Flight safety training with only a fraction of the cost and risk
With the world still in the grip of a global pandemic, aviation continues to face historically unique challenges in areas such as pilot training.
Long furloughs imposed by COVID-19 outbreaks pose problems with maintaining recency and mean even experienced commercial pilots need to brush up on their skills before returning to the skies.
So, how can pilots and organisations keep current with their training and skills when the outside world is shut down?
CASA Flight Simulation Team Leader John Frearson says one answer is better, more flexible and lower-cost training via flight simulators.
‘Our basic mission of supporting flight safety involves our ongoing support for and qualification of training programs,’ John says.
‘Increasingly, in this modern era, we’re talking about flight simulation training devices (FSTDs) where pilots can get the most bang for their buck.
‘As an organisation, we strongly support the industry’s need to keep current by flexibly ensuring the ongoing qualification of flight simulation training devices and we are actively preparing for the next generation of simulation.’
To do this, CASA is broadening its processes and standards with the aim of more readily approving extra credits toward pilot instrument training and proficiency based on an FSTD’s capability. FSTDs that accurately represent the cockpit layout and flight characteristics required by a training program would be classed as having high-fidelity and more likely to be granted more training ‘credits’ than lower-fidelity devices.
‘Ultimately, this means a wider array of individuals with access to qualified training devices will be able to complete their pilot licence training in a quicker, cheaper and less risky way,’ John says.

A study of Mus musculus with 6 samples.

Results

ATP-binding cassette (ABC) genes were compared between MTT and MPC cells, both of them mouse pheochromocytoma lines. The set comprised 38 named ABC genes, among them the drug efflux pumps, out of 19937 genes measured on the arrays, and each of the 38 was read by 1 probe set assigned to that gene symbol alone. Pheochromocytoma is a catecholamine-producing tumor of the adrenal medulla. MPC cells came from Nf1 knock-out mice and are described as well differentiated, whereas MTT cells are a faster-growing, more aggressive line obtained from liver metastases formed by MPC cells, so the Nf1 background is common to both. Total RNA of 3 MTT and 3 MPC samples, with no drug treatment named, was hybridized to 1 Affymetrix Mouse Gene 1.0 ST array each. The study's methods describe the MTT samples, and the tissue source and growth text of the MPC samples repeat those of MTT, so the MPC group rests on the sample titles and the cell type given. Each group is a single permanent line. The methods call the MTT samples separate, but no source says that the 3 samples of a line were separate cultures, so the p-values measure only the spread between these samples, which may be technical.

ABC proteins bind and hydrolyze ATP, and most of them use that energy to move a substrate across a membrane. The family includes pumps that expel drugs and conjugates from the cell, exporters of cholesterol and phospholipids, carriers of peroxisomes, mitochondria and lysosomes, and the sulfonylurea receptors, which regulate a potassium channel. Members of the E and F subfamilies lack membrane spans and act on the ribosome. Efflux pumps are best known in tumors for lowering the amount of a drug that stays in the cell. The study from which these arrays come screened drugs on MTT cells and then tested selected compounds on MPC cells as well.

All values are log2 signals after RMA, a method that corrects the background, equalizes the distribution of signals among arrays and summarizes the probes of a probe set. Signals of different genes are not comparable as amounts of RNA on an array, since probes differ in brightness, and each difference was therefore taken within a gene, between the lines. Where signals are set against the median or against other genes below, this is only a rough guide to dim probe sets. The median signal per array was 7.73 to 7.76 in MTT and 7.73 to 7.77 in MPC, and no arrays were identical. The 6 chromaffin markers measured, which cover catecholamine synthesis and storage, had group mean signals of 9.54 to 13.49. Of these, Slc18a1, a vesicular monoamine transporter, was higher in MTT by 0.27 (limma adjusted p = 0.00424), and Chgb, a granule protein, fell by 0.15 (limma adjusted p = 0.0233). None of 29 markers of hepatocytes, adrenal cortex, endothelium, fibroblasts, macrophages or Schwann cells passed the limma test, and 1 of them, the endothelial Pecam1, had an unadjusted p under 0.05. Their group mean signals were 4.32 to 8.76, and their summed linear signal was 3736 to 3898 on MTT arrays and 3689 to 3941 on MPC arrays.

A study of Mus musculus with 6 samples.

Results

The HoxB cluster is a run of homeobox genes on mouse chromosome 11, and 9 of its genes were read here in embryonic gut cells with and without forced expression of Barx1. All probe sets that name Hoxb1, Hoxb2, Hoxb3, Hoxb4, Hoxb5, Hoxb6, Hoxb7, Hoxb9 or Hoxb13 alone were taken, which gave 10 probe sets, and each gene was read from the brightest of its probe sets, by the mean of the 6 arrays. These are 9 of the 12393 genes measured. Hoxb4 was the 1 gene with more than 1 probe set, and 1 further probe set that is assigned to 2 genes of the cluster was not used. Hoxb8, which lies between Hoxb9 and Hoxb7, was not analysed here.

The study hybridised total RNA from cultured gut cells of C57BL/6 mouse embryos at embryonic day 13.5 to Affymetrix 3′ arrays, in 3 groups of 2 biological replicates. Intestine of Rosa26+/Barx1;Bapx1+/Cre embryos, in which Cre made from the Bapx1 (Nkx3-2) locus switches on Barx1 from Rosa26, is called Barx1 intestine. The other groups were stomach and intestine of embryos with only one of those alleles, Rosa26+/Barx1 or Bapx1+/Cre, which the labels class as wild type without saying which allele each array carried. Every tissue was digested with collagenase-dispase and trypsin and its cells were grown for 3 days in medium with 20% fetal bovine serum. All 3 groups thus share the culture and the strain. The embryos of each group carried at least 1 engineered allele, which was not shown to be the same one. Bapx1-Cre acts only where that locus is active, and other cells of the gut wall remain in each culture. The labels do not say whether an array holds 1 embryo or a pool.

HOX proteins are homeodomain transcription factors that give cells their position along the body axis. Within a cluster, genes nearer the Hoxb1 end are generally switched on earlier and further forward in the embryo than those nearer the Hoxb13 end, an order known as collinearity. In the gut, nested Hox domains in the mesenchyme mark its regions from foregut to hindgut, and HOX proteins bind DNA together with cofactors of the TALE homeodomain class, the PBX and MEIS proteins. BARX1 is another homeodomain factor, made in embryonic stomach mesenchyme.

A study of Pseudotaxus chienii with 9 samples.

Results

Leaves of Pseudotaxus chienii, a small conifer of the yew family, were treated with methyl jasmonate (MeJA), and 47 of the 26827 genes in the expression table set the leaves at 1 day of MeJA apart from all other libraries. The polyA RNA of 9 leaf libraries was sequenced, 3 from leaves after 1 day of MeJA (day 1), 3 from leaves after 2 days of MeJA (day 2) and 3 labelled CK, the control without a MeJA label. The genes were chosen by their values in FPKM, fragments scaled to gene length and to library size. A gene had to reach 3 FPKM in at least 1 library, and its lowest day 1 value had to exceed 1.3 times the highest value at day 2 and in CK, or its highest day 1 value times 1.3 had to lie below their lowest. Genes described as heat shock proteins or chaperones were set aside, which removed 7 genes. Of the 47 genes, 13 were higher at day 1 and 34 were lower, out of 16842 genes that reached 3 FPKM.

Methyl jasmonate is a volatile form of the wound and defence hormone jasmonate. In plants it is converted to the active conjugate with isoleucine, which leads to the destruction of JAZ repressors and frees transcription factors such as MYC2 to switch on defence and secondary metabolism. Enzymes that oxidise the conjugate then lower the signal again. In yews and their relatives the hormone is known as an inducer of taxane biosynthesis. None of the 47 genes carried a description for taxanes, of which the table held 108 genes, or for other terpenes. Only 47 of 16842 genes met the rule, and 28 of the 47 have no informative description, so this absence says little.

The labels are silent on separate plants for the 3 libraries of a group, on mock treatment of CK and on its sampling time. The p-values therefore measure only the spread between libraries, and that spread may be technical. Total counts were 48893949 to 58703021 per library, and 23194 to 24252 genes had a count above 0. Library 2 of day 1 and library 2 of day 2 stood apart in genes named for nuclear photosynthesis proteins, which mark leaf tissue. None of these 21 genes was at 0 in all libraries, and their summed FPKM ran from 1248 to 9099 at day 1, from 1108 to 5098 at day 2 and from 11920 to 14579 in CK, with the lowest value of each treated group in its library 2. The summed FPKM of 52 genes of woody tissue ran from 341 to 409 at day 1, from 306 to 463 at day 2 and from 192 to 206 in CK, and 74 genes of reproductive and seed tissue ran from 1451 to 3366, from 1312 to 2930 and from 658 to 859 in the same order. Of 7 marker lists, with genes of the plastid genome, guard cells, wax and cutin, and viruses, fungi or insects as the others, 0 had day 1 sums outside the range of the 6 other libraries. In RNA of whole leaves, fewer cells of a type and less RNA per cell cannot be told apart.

‘We’re excited about what the future holds in simulation and the applications it can have for training and keeping pilots current in their skills, especially with the advances we’ve seen with virtual reality technology.’
CASA is preparing for this future by bringing simulation far closer to the needs of training organisations.
‘Parts 61, 141 and 142 of the Civil Aviation Safety Regulations detail the use of FSTDs in pilot training,’ he says.
‘CASA is currently reviewing its standards for those devices – from the basic to the very sophisticated – to ensure the depth, breadth and flexibility of these devices and our standards and approval processes meet industry needs. We’re devoting considerable resources to keep abreast of international standards and we believe these changes will add a lot of user-friendly flexibility.’
Internationally, the European Aviation Safety Authority is starting to codify simulator fidelity in more detail, moving away from past broad classification-based views of what a device can do and towards a very specific detailed capability appraisal.
‘This is something we’ll be looking to put on our Australian FSTD qualification certificates too,’ John says.
In recent years, CASA has managed the introduction of world-standard upset prevention and recovery training (UPRT) programs, despite the disruptions to training and logistical challenges in upgrading simulators.
As aviation’s appetite for more training in simulators increases, the ability for these devices to accurately represent the training mission at hand remains the most significant consideration during their construction and qualification. It’s also critical that instructors and trainees understand their strengths and limitations.
‘We work in an environment where we define the device by the training mission that it’s going to be used for,’ John says.
‘It’s great having a tool in which you can practice take-offs and landings and the non-normal events such as an engine failure, at a fraction of the cost and risk. But how the device looks and operates goes back to what is fit for purpose – needing the right tools for the task.’